Spotlighting one Texans rookie on each day of training camp:
Flashing the speed that helped him win the NCAA 100-meter sprint title in 2009, Trindon Holliday sent a buzz through Texans training camp with a couple of electrifying punt returns in the team's morning practice.
It was during a drill with Holliday waiting to field a punt from a Juggs Machine as seven defenders ran at him. The drill didn't feature any blockers, but Holliday didn't need them.
On the first return, he darted left to evade the pack of defenders, then found daylight down the left sideline. On the next one, he outran a group that included running back Steve Slaton and linebacker Darryl Sharpton to the right sideline. Once he got the angle on them, he was gone. Both plays were met by resounding 'oohs' and 'aahs' from the crowd.
"That was a lot of fun," Holliday said. "To be able to make those plays and know the fans are loving it, it's something to feed on and pushes me to want to do more in the future."
Texans coach Gary Kubiak was guarded in his praise of Holliday after practice, opting to reserve his judgment until the Texans are in pads. But J.J. Moses, the Texans' kick returner from 2003-04, couldn't say enough about Holliday after watching practice from the sidelines.
"I was just telling Coach Joe (Marciano), I try not to speak before something really happens, but Trindon is probably one of the quickest guys I've ever seen," Moses said. "I've had an opportunity to be around a lot of great return men, especially in Kansas City when I was with Dante Hall and competing for a job, and then watching Jacoby (Jones) for these previous years. But when I saw Trindon out there, he just has another gear that many athletes don't have. It's just like he brings these bigger guys in his world, and then it's tough to get him because he's so small and elusive.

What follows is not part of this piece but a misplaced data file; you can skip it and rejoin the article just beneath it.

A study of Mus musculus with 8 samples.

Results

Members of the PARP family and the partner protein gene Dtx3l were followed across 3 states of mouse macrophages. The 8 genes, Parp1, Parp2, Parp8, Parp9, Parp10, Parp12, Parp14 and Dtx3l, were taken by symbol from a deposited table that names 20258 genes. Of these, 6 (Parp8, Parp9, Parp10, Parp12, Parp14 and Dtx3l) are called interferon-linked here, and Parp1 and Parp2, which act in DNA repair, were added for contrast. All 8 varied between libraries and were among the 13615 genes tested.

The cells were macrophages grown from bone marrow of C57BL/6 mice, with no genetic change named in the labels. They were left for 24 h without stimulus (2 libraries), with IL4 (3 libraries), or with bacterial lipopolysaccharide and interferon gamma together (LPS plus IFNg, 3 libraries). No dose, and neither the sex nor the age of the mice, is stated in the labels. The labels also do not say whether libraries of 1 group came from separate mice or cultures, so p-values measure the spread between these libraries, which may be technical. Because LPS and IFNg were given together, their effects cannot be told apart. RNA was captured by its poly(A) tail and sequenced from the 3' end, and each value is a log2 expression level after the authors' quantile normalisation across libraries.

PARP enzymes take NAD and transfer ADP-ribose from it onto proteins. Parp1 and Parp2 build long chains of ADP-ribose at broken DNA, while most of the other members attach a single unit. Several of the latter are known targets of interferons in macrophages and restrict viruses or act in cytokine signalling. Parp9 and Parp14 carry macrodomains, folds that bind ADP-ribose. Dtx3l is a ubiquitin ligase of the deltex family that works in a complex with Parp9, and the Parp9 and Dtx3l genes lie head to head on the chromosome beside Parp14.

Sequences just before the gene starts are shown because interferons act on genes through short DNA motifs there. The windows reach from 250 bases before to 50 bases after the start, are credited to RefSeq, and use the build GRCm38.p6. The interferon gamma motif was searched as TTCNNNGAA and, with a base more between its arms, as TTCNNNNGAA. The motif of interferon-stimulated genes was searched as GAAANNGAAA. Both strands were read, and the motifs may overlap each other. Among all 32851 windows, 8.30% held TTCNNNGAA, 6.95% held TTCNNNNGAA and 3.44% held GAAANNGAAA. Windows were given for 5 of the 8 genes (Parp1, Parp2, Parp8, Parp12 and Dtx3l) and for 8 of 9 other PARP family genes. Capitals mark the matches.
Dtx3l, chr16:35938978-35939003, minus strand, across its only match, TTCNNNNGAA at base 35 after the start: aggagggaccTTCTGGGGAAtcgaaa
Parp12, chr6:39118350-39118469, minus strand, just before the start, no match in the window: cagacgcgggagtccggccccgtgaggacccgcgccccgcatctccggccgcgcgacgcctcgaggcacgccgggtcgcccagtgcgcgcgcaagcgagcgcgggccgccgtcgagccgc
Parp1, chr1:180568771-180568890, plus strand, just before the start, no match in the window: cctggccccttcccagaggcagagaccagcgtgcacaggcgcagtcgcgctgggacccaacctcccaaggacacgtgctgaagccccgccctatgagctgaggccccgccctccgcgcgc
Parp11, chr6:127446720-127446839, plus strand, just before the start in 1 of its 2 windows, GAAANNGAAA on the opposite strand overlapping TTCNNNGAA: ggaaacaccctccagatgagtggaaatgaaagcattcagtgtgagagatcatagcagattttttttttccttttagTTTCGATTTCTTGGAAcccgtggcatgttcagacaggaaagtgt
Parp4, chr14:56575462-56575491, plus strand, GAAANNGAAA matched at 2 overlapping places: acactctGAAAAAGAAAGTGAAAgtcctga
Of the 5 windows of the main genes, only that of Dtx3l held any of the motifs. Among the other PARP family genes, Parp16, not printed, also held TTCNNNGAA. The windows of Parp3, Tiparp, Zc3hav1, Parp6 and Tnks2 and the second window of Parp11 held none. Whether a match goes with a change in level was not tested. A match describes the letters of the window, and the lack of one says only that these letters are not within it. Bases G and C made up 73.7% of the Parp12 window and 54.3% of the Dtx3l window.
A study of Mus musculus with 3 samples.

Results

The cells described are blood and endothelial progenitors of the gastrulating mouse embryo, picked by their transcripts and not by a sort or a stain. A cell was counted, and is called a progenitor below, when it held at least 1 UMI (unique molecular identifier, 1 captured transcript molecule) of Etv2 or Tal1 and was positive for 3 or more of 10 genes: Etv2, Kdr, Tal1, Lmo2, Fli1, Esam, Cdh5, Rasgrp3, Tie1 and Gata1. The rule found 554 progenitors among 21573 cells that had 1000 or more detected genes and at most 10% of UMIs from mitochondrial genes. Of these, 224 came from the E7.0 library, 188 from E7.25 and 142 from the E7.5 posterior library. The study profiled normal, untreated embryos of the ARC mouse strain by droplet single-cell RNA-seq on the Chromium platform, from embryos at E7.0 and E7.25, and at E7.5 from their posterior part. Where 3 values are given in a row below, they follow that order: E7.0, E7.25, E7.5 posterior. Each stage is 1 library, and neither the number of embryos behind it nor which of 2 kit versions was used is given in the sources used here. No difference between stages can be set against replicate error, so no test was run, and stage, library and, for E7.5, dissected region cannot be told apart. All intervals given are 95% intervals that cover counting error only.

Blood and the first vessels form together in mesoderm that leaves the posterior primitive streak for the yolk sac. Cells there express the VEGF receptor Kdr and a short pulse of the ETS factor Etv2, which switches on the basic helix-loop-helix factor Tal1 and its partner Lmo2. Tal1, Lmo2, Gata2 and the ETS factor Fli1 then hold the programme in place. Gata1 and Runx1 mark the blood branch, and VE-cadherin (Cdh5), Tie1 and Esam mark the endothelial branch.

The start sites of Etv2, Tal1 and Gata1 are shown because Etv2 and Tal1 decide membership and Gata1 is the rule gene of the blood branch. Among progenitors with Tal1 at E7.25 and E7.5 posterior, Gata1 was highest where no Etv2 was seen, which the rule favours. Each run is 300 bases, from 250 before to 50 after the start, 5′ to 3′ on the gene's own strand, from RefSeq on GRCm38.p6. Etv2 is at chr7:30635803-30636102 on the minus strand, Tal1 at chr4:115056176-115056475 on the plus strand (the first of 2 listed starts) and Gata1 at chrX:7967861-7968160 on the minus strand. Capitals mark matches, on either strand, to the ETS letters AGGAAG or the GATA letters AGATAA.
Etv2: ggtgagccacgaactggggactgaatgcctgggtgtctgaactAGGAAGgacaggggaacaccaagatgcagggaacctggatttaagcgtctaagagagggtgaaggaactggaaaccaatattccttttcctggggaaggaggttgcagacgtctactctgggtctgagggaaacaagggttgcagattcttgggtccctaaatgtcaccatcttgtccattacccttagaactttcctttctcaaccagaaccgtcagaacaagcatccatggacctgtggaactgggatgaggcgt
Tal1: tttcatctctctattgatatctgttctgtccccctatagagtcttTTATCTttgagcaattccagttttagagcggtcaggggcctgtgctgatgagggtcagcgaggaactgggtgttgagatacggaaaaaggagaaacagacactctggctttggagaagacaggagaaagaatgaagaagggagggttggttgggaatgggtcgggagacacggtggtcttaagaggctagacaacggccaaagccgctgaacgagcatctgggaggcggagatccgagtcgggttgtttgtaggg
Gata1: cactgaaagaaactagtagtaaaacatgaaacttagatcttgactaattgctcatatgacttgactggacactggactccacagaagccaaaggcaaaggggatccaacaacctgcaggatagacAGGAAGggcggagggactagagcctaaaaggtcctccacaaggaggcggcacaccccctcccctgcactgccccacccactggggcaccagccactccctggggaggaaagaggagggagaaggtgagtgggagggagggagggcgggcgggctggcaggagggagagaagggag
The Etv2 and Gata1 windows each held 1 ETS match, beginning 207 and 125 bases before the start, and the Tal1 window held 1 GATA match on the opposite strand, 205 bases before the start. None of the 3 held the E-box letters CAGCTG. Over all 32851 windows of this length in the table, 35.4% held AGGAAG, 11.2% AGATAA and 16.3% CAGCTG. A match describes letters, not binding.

"I really believe that as he continues to grow in the offense and knows more about the special teams, he can be the premier return man in the league."
Moses never had Holliday's speed, but he did face the same concerns about his size throughout his career. At 5-6, 175 pounds, Moses was the shortest player in the NFL during his career and the shortest player in Texans history. Those distinctions now belong to Holliday, who's all of 5-5, 165.
"If he's made it this far in getting to the National Football League, height is not going to be the issue," Moses said. "The only issue is him just staying healthy, him being able to hold on to the ball. If he does those two things, everything else is going to pretty much take care of itself. At that point, his God-given talent will definitely take over. It's got to."
How Holliday develops as a receiver remains to be seen, but his potential as a returner made waves on Day 2 of Texans camp.